Burma ordered 452 prisoners freed Thursday in an apparent goodwill gesture ahead of a historic visit by President Barack Obama, but activists criticized the move for failing to focus on hundreds of political detainees.
It was not immediately clear if any political prisoners were among those granted freedom, prompting rights groups to renew calls for the government to shed light on one of the world's most opaque prison systems.
Burma's government has long insisted that all prisoners are criminals and releases no official information on who is a political prisoner, where they are detained and how many remain jailed.
"This is extremely disappointing because we haven't heard of any political prisoners being released. This is a shame," said U Naing Naing of the Central Social Assistance Committee, which helps families of political prisoners.
Other groups that monitor political prisoners gave similar reports. Many political detainees are in remote areas where communications are difficult, so the extent of the release may not be known for several days.
Past releases have included both prisoners of conscience and common criminals.
The announcement in the state-run New Light of Myanmar newspaper came ahead of a visit Monday by Obama, who will become the first sitting American president to visit the once-pariah nation, also known as Myanmar. State media said some of the prisoners to be released are foreigners who will be extradited, but gave no details.
The administration of President Thein Sein has made freedom for political prisoners a centrepiece of its reforms over the last year and a half to seek international favour after almost five decades of repressive army rule. Earlier prisoner releases helped convince Western nations, including the United States, to ease sanctions they had imposed against the previous military regime.
More than 300 political prisoners still held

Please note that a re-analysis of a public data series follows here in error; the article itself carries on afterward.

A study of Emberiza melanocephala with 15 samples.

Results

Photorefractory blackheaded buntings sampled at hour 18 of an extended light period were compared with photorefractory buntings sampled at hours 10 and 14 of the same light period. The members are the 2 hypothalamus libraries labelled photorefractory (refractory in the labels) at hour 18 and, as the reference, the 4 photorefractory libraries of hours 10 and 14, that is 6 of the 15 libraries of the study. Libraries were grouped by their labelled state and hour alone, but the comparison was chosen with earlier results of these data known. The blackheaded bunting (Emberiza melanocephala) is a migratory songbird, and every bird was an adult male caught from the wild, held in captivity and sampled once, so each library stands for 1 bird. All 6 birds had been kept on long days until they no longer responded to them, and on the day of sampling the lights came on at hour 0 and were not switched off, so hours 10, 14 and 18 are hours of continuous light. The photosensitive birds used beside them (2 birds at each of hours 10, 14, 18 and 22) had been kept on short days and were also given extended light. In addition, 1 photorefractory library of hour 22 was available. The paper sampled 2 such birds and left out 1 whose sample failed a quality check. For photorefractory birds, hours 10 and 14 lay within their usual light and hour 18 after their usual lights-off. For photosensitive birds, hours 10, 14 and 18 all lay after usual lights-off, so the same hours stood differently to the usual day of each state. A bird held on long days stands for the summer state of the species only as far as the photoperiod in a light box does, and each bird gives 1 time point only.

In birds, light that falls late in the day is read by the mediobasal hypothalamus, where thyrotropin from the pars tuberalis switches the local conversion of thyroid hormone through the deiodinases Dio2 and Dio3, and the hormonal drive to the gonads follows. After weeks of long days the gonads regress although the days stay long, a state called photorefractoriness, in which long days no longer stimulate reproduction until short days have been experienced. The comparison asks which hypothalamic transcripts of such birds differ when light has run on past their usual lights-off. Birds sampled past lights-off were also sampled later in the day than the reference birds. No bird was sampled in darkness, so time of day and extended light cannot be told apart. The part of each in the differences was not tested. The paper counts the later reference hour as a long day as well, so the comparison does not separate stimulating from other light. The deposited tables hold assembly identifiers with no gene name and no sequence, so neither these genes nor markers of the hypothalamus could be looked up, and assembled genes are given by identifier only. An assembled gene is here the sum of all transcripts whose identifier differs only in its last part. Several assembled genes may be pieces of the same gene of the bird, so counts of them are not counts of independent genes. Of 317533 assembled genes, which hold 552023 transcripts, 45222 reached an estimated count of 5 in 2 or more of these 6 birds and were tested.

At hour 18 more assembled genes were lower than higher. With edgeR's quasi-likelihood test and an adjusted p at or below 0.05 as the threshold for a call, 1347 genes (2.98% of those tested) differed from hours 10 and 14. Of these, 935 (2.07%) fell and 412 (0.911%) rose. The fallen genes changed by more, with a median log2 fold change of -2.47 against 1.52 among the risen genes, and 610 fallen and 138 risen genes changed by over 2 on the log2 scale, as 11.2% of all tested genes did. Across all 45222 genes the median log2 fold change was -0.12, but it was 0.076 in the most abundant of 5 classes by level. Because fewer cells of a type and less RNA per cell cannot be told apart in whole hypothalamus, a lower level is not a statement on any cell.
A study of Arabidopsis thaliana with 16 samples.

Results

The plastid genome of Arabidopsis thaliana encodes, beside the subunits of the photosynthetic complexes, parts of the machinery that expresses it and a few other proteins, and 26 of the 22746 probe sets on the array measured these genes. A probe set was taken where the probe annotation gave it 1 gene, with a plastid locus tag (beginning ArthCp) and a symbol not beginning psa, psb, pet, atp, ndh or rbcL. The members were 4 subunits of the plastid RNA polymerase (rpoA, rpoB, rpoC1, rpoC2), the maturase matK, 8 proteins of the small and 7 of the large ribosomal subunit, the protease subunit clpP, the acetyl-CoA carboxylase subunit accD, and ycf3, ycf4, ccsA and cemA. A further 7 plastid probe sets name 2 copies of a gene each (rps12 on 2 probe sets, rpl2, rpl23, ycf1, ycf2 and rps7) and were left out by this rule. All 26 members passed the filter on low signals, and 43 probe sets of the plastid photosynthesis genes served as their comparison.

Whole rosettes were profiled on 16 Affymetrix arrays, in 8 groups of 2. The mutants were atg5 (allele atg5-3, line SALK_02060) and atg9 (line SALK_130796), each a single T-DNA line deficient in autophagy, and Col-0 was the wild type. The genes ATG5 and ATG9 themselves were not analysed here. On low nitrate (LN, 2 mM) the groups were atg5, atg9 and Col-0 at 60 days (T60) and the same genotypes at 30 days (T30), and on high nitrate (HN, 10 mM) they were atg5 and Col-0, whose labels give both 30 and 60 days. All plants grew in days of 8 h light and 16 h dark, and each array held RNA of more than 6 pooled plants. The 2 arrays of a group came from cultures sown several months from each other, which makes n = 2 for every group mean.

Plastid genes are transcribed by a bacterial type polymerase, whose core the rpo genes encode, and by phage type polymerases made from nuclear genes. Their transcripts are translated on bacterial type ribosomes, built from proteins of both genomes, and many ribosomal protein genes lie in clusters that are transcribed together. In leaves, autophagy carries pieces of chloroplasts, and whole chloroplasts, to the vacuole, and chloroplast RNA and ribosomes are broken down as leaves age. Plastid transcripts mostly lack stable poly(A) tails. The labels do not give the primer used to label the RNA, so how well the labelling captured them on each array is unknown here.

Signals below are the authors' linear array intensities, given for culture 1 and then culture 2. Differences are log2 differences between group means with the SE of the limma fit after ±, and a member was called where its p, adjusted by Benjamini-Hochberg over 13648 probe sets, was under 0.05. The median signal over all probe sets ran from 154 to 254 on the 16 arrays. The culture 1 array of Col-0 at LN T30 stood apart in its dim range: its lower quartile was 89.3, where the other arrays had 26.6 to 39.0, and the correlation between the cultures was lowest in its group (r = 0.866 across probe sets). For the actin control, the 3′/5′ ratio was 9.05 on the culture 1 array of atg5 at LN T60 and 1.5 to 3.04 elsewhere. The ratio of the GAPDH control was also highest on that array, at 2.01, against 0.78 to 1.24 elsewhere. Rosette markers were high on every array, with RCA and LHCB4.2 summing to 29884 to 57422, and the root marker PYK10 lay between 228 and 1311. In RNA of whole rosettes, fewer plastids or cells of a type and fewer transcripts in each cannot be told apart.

Under the now-defunct junta, rights groups said more than 2,000 activists and government critics were wrongfully imprisoned.
Myanmar's main opposition movement estimates that at least 330 political prisoners remain incarcerated, according to Nyan Win, a spokesman for Aung San Suu Kyi's National League for Democracy party.
'This whole process is being drawn out unnecessarily to maximize the Burmese government's leverage with the international community' —Phil Robertson, Human Rights Watch
Nyan Win said he believes the latest release is "a goodwill gesture" ahead of Obama's trip. "We want all political prisoners to be freed," he added.
New York-based Human Rights Watch accused the government of using strategically timed prisoner releases to appease the international community.
"The government of Burma has said they are committed to releasing all political prisoners. So why haven't they?" said Phil Robertson, the group's deputy Asia director. "This whole process is being drawn out unnecessarily to maximize the Burmese government's leverage with the international community."
The last release took place in September, a week before Thein Sein visited New York for the UN General Assembly.
Thein Sein's government has spearheaded a major transition toward democracy, easing harsh media censorship, signing cease-fire deals with armed rebel groups, and opening the country more to Western investment.
But rights groups say Thein Sein has not yet consolidated the political and economic reforms. The military is still dominant and is implicated in rights abuses. It has failed to prevent outbreaks of communal violence in the west of the country that have left scores dead.